What causes Diarrhoea in foals?
The meaning of scour quite literally is ‘purging of the bowels’ and is a common name for diarrhoea. Scour in foals can be caused or triggered by several different factors; these can include a change in environment or a similar stressful situation which alters the Ph of the gut, triggering scour. This can enable harmful microorganisms to gain significant hold in the gastrointestinal tract; these could include Rotavirus, Salmonella or C. Perfringens.
Foal Heat Diarrhoea occurs typically from about 9 days after birth during the mare’s first heat, hence the name.
It is thought to be caused by the foal ingesting faecal material on the mare and generally only lasts a few days and is a natural process of foals and other young animals that enable them to acquire essential gut microflora and fauna.
How do you distinguish foal heat scour and infectious causes of diarrhoea?
Foals experiencing foal heat diarrhoea will not be systemically ill; they will normally remain bright, active and alert without fever and will continue to nurse well. A foal with infectious causes of diarrhoea will tend to be quiet, depressed, will not nurse well and often has a fever.
Determine the foal’s temperature; normal rectal temperature is between 99° and 101.5°F. Monitor the foal’s nursing habits; it should be nursing several times an hour. Check the mare’s udders to ensure they are not extremely full or even dripping, this will confirm if the foal is nursing adequately or not.
Monitor the foal for signs of diarrhoea, foal heat diarrhoea usually results in mildly loose or very slightly watery diarrhoea, and the challenges are a loss of fluids and electrolytes. Diarrhoea from infectious causes will be extremely watery.
Other cases of diarrhoea can be associated with changes in feed, making gradual changes over several days can help minimise these upsets.
If in any doubt about your foal’s health or diarrhoea always consult your veterinarian.
How to stop or treat diarrhoea?
Correct nutrition and treatment are an essential process in the ‘how to stop diarrhoea’ question. Treatment is based around the concept of ensuring that the gut is protected to avoid bacterial invasion of the intestinal epithelium. The intestinal epithelium is the single cell layer that forms the luminal surface or lining of both the small and large intestine — removing harmful toxins, maintaining correct electrolyte and body fluid levels and stimulating the gastrointestinal tract with the colonisation of beneficial microorganisms.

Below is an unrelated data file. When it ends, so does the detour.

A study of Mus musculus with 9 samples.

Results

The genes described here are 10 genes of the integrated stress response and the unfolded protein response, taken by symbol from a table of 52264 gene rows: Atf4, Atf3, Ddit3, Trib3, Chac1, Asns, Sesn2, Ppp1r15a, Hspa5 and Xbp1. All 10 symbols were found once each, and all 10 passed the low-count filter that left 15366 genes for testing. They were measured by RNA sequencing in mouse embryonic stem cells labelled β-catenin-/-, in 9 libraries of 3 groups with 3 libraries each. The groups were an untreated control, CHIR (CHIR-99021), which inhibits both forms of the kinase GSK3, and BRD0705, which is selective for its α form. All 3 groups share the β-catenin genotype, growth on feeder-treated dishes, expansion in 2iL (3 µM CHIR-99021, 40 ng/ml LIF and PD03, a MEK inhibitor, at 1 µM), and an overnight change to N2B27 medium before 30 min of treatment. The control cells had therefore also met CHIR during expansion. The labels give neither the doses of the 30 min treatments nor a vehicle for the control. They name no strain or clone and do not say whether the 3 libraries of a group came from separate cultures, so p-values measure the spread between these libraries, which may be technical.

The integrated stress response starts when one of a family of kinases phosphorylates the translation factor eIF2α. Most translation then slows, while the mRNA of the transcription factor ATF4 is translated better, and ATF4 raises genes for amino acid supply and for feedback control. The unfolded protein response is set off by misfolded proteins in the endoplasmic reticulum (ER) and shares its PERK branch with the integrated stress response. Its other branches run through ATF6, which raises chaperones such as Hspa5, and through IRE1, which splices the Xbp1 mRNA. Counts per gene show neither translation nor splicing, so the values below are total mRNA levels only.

Various preparations can be used to help in these processes; brand names such as Biosponge, Protexin, Tuffrock and Friska Foal.
In our opinion, Diazorb Paste by TRM is one of the most comprehensive preparations available due to its composition of Bentonite, Prebiotics, Probiotics, Pectin, Dextrose and Sodium Chloride in the correct formulation.
Bentonite is a highly absorbent phyllosilicate clay which helps to absorb toxins, lining the gut at the same time to reduce inflammation and the passing of microorganisms from the lumen into the animal. Prebiotics are compounds that aid the development of beneficial microflora in the gut. The most effective prebiotics are thought to be Fructo-oligosaccharides and mannan-oligosaccharides. Probiotics are beneficial microorganisms; Saccharomyces Cerevisiae will reproduce in the hindgut. Pectin is a dietary fibre, helping to reduce the flow of fluids in the faeces. Dextrose is a simple sugar energy source. Lastly, sodium chloride is an electrolyte mix for rapid electrolyte replacement and very important to the animal’s recovery
Diazorb Paste from TRM is also suitable for adult horses experiencing unusually loose stools or diarrhoea. Always ensure there is not an underlying serious health issue causing the diarrhoea.
The take-home message is don’t ignore digestive tract upsets. Essential and fast treatment and nutrition are essential to prevent sickness and even death in extreme cases.